At Work: Human Resources - It's the law - Age discrimination, part 3

Emma Burrows, partner and head of the employment group at Trowers & Hamlins solicitors

Employers should get acquainted with new retirement procedures in the new age discrimination law.

Under the new age discrimination legislation, it is not discriminatory for an employer to set a normal retirement age of 65 or over, provided the employee is not retired before he or she reaches this age and is correctly notified.

Otherwise, the retirement may well be discriminatory, although a tribunal would also consider whether notification was given up to 14 days beforehand, the length of any notice period and whether the employer held a meeting with the employee.

It is more difficult if the employer wishes to have a normal retirement age under 65, because under the new regulations this will be age discrimination unless it can be objectively justified as being a proportionate means of achieving a legitimate aim.

When retiring an employee, an employer should use a set procedure to avoid any claims of unfair dismissal. First of all, the employer must write to the employee between six and 12 months before their retirement date, stating the date of retirement and informing them that they have the right to make a request to continue working after this date.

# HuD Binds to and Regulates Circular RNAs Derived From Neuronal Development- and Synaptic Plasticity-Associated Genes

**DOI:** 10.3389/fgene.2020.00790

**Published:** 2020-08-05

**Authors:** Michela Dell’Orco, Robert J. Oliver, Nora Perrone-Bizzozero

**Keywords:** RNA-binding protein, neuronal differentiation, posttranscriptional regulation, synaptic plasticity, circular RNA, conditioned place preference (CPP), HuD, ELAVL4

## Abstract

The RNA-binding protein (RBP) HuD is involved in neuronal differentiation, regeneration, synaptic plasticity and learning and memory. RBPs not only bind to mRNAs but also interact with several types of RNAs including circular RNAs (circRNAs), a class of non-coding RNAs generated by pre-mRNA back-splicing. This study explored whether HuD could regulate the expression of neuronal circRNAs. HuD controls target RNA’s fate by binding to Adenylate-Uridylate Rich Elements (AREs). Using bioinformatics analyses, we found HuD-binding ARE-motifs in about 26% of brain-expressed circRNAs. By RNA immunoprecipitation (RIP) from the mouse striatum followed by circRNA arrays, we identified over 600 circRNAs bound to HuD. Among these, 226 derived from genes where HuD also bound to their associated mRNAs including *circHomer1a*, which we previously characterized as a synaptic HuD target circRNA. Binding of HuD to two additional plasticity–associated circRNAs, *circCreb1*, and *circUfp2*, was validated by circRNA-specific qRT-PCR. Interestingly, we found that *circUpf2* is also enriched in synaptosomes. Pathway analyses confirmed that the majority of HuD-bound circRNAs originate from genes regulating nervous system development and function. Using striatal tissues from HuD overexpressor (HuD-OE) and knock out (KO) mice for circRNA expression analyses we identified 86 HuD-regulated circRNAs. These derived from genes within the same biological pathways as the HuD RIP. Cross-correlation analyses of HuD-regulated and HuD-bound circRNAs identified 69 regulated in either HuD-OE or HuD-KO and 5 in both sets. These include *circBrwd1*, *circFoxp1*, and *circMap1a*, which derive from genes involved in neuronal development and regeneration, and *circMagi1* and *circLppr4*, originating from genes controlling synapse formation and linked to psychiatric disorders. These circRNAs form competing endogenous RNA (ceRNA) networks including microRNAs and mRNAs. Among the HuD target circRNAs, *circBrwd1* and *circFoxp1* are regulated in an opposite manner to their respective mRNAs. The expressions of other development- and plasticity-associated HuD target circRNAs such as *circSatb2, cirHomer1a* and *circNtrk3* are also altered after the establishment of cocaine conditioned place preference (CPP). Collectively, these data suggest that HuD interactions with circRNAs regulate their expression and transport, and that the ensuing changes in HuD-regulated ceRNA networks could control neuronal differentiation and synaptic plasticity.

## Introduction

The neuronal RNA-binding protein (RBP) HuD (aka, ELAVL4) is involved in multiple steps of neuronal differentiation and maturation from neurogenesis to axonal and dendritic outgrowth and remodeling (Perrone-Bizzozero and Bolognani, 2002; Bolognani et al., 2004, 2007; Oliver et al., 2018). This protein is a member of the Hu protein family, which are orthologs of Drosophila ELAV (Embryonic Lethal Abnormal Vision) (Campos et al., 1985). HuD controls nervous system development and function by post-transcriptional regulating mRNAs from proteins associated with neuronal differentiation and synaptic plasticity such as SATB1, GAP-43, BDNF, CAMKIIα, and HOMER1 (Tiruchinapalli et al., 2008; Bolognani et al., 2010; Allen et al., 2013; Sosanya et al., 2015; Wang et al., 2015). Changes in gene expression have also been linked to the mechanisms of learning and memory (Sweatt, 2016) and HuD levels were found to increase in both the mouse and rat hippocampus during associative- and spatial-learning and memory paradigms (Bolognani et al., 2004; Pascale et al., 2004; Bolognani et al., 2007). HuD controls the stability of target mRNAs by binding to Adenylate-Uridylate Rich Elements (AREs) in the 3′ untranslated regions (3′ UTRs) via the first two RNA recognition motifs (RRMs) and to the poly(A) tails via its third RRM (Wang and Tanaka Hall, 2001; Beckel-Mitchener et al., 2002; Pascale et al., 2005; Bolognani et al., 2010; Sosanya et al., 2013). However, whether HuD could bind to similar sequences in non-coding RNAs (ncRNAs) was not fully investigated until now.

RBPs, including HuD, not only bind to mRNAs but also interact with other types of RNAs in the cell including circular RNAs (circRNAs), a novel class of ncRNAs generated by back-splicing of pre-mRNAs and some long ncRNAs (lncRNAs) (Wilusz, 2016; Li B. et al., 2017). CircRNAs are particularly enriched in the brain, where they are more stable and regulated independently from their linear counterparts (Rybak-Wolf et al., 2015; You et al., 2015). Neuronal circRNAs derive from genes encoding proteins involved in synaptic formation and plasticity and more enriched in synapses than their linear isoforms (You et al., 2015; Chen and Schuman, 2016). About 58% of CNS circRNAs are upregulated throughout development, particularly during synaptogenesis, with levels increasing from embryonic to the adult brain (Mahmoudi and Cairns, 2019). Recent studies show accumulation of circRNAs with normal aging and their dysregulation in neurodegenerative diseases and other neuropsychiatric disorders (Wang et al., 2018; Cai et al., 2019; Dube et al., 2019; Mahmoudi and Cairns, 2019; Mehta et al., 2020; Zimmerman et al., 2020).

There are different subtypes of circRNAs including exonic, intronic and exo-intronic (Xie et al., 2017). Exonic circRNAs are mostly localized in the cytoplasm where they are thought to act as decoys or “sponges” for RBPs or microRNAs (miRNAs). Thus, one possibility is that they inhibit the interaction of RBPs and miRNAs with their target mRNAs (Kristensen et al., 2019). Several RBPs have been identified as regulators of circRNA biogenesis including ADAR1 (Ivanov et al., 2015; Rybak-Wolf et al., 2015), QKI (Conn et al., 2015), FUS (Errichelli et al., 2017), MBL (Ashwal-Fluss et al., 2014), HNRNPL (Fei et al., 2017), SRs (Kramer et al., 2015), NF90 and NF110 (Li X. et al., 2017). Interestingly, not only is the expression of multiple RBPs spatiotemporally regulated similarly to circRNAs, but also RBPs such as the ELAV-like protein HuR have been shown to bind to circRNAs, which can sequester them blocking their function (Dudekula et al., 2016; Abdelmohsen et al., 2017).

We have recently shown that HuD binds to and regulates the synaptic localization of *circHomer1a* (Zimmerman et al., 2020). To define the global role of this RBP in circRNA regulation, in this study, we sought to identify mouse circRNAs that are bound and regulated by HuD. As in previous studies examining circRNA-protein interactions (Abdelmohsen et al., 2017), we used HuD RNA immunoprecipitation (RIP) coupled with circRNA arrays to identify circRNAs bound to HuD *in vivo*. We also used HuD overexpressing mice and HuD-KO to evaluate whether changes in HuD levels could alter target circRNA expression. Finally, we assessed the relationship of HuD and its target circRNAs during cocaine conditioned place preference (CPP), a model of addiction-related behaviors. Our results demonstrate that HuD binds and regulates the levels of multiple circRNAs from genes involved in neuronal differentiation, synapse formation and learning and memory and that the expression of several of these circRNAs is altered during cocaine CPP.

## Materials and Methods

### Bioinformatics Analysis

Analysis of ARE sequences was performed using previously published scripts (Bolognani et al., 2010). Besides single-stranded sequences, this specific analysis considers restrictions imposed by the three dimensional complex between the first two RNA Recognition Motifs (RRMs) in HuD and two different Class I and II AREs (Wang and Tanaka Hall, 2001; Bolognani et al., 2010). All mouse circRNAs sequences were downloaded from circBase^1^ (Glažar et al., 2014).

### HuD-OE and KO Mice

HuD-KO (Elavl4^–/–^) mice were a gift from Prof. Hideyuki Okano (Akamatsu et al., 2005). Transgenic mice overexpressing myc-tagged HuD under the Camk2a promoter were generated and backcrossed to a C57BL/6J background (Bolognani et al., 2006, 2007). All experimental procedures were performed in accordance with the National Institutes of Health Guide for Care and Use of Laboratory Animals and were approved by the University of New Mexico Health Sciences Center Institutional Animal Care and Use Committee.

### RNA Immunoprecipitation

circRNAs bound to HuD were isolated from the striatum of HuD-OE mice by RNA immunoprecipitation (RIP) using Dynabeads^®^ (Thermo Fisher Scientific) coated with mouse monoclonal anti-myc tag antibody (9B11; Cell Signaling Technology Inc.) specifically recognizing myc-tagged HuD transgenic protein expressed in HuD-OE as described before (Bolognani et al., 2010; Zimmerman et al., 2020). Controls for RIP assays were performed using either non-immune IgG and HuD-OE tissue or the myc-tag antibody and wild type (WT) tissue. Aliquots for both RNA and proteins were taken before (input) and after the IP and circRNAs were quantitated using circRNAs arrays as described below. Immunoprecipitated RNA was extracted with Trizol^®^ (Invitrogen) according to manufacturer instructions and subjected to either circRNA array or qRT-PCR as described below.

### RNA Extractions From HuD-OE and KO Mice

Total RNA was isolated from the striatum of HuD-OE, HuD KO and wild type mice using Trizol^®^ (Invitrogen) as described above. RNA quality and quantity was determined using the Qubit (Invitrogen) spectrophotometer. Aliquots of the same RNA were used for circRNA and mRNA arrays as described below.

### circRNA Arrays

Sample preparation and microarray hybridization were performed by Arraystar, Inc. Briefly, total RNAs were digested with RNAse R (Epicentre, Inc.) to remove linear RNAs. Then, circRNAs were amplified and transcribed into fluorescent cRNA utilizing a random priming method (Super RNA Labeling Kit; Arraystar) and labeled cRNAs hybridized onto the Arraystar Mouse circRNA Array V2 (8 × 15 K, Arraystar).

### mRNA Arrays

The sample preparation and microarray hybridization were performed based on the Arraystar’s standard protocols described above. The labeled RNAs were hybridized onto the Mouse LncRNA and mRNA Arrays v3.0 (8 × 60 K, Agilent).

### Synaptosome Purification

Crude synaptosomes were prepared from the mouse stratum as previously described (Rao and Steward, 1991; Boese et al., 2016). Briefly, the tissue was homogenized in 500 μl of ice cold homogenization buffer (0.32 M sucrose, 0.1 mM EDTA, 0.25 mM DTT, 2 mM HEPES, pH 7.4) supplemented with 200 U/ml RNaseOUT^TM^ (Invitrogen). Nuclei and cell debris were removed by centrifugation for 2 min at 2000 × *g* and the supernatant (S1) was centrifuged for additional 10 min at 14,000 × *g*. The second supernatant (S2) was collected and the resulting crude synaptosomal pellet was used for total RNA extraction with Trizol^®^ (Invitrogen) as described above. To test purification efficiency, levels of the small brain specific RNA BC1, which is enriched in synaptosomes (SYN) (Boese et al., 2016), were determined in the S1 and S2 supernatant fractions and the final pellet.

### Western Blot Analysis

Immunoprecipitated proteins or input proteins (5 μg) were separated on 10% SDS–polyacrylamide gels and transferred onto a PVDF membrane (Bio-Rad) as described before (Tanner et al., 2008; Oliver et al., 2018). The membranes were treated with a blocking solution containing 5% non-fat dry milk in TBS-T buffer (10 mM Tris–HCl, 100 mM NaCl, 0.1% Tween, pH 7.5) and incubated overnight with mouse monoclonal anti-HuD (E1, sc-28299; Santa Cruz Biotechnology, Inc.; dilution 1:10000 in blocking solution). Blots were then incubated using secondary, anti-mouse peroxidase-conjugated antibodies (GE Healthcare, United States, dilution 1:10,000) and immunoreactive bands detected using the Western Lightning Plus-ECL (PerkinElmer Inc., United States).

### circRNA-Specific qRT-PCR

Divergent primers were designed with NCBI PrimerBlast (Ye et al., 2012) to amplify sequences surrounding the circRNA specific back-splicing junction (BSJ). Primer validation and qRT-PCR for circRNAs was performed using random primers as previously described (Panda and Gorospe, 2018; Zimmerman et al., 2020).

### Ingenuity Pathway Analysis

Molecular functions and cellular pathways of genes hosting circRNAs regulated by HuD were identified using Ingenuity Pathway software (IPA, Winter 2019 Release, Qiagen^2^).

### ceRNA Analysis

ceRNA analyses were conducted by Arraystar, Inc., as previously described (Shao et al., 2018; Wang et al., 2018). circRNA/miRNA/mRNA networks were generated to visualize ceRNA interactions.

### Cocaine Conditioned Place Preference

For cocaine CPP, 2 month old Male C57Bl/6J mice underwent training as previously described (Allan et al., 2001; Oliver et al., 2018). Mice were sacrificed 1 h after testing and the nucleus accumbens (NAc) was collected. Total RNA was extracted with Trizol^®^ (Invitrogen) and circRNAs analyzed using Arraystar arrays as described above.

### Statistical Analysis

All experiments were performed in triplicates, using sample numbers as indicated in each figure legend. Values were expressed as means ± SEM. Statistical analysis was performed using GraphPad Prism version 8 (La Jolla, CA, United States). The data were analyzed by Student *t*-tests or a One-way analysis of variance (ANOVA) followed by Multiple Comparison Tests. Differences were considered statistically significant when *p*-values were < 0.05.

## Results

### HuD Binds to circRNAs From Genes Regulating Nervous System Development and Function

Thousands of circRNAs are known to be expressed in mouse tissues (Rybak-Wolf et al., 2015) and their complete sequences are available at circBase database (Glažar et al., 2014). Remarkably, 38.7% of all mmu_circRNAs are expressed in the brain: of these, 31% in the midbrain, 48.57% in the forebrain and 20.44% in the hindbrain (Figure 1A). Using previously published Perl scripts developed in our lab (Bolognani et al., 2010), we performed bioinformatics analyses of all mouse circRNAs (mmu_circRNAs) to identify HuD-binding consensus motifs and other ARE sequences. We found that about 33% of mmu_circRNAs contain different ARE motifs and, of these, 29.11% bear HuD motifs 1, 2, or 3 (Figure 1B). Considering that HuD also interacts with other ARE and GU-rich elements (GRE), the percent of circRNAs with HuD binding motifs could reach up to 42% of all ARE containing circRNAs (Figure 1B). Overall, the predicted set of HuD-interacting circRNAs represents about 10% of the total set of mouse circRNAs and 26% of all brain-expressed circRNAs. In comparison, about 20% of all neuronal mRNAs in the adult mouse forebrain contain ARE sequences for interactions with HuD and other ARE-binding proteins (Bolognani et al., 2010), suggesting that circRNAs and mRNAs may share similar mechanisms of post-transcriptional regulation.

The employee can make such a request three to six months before the retirement date. This must be in writing and must indicate if the employee wants to continue working indefinitely or for a set period of time.

The employer is under a duty to consider this request and any representations made by the employee, and should hold a meeting with the employee, allowing them to be accompanied.

The employer may comply with the request, decide to continue employing the employee for a shorter period than requested or still require the employee to retire on the original retirement date. Whatever the decision, the employer must inform the employee in writing as soon as practicable, although the employer is not required to give reasons for the decision.

Finally, if the employee's request is refused, the employer must inform them of their right to appeal. If the employee appeals, a meeting should again be held and the employee informed of the decision in writing.